Way back in early March, I woke up to a letter from College advising everyone to wash our hands to avoid the spread of a new disease that had started to circulate around China and, although in small numbers, the UK.
Being young and all too preoccupied with essays and bops, I paid scant attention to it, until the last week of term, when the shops were suddenly out of soap and pasta, and cases were confirmed in my accommodation block. Even then, I, along with the majority, had assumed that life would be back to normal by Trinity. Hilary ended with hasty plans to catch up with friends for a Pimm’s and punting in the summer, and an argument with my mum over keeping my stuff in my college room, which I, regrettably, won.
My mum was right as always. As a pandemic was declared and the country forced into lockdown, my things were left languishing in a room that I would never again call home. I missed some of the more practical items left behind: flip flops, some books and, most ironically, a huge bottle of hand sanitizer. What I really missed, however, were the sentimental things: the photos, a letter from a friend and a sign I’d made for my door on my first day in Oxford. The expected six weeks away from Oxford turned into six months. Online Trinity came and went without much fanfare and the repetition of lockdown made life in Oxford seem more like a dream than any conceivable reality. My matriculation photo even fell out of a window in a freak accident that seemed to parallel my separation from university life.
I, along with the majority, had assumed that life would be back to normal by Trinity.
As restrictions were relaxed, I, along with many fellow students, was desperate to return to Oxford and eventually College gave the all-clear to come back to collect our belongings. I live a short two-hour drive away from Oxford but it nonetheless felt like a proper adventure – the first time in months that I had left the confines of my small village and ventured out into the wider world. I don’t quite know what I expected, but pulling up to a near-deserted Oxford to see porters in facemasks came as a shock.
Logically, it all made perfect sense, but the stark contrast between the Oxford of my memories and what I was being presented with was almost too much. Where Hassan’s normally stood, there was but an empty road. The Missing Bean was devoid of students tapping away on laptops, the windows unfogged for once. Without bikes whizzing back and forth, students hauling piles of books from the Rad Cam and tourists queueing up to take selfies under the bridge of sighs, the centre of Oxford felt almost comically empty. Walking around felt like touring a film set, or seeing the remains of an abandoned civilisation that had a brief dalliance with spires and stained glass. It was surprisingly comforting to find that the Tescalator was broken. Even in a pandemic, some things never change.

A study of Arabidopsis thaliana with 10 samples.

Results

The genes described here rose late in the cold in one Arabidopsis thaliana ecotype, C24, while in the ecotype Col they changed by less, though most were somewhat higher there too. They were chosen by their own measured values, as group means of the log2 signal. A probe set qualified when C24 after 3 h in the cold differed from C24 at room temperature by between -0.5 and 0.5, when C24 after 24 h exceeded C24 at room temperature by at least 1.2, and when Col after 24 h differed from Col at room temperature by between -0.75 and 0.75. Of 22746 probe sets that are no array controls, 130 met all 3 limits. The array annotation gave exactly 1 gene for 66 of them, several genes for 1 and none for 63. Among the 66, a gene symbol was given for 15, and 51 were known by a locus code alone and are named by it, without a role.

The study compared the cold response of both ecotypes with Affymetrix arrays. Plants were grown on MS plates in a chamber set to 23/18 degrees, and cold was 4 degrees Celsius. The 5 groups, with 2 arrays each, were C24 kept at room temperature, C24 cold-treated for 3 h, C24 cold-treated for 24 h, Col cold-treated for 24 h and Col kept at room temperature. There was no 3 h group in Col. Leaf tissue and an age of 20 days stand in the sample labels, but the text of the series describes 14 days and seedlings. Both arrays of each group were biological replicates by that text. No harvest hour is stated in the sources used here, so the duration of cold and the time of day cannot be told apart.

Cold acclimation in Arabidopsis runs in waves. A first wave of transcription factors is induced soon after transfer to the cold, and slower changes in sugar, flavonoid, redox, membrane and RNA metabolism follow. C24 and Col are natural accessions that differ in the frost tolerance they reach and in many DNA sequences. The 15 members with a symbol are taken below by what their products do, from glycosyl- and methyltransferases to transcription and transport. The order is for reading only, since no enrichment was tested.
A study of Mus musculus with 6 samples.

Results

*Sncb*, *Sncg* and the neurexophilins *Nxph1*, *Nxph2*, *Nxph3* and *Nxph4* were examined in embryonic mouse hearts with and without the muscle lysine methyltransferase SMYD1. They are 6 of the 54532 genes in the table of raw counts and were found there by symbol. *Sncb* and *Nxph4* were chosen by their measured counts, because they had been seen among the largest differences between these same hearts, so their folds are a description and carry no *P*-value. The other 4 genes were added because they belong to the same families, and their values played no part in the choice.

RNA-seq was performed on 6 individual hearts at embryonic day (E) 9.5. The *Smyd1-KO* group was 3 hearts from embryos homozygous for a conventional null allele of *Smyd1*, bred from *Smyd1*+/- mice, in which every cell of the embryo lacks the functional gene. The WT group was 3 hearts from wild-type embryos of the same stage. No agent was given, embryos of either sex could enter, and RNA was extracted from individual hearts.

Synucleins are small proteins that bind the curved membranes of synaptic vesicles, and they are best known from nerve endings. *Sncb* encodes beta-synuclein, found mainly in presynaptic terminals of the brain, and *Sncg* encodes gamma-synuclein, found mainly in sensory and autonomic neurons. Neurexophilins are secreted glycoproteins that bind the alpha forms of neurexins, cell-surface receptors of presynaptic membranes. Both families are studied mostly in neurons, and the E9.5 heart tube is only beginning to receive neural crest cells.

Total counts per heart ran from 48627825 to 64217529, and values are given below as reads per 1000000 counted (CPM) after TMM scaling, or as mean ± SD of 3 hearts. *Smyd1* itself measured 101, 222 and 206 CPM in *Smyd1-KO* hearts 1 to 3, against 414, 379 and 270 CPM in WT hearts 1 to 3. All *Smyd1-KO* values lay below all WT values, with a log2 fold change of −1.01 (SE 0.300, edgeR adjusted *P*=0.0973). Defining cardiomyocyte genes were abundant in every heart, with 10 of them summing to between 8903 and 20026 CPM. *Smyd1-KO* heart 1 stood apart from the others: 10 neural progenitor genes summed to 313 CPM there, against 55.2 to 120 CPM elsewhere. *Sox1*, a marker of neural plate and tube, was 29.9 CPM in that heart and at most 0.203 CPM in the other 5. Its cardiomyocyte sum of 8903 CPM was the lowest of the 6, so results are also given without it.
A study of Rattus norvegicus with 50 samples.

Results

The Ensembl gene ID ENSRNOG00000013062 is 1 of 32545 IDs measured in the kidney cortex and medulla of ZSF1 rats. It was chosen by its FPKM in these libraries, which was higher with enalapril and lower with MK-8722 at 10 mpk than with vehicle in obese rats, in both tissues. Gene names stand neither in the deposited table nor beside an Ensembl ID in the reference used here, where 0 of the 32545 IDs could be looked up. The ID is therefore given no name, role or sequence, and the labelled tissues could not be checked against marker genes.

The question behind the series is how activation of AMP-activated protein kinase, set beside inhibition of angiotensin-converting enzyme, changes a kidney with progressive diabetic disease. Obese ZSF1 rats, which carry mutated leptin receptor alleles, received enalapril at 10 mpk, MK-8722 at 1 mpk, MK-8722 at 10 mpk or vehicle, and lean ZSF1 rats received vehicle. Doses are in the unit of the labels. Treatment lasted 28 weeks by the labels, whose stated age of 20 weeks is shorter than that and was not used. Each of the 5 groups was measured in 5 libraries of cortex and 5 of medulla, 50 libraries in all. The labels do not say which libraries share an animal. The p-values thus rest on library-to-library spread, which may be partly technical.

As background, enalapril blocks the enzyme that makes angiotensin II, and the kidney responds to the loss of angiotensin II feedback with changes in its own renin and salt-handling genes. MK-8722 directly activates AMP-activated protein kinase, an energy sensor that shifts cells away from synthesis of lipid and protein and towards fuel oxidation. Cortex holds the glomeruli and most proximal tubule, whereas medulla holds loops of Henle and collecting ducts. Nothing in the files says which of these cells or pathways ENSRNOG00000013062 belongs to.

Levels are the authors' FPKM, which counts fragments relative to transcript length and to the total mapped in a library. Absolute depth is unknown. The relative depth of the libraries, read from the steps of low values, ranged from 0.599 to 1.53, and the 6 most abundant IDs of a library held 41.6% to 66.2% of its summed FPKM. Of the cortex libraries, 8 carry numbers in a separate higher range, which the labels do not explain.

Pulling up to a near-deserted Oxford to see porters in facemasks came as a shock.
I was not saying goodbye to the city itself, unlike the unfortunate finalists who have suddenly missed out on so many milestones and many farewells, whilst also having been thrust into an unforgiving social and economic situation. Knowing this did not make saying goodbye to my first year at university any easier, however. Following a strange, new one-way system around college and going up the staircase to my room for the final time was both familiar and foreign. The countless times I’d sprinted up and down these stairs, late for lectures, lunch and pres had come to an end.
I would never again stomp up to the room above at 2am to tell them to turn the music down, or barge in on my neighbour for an impromptu tea and chat.
I expected to find my room as I had left it, like a time capsule from what seems like a lifetime ago. But, just as nature reclaims abandoned buildings, so had the college reclaimed what was no longer ‘my’ but now simply ‘a’ room. The furniture had been shoved into a corner to make way for repairs to a leaky ceiling, and all traces of my time there had been condensed into a pile of my things waiting to be taken home: a bar of soap by the sink and an unfortunate stain on the carpet (my sincerest apologies to the scout). There was nothing much else to do other than pack up, take a final look around the four walls that held so many memories and start the undignified task of hauling heavy bags down several flights of stairs whilst trying not to get too emotional.
It was surprisingly comforting to find that the Tescalator was broken. Even in a pandemic, some things never change.
Leaving Oxford so soon after arriving again was bittersweet. Normally, the drive back home feels like a reward for surviving another term at Oxford, but then it felt hollow. The Oxford I’d seen was not the one I knew and left me almost missing the throngs of tourists crowding down Broad Street. Almost. But returning to Oxford was like finding closure to a summer that never quite was. I had turned the page, came to terms with the disappointment of virtual university while safe in the knowledge that sooner or later I would return to roam the streets of Oxford once more, a book in one hand and a kebab in the other in true Oxford fashion.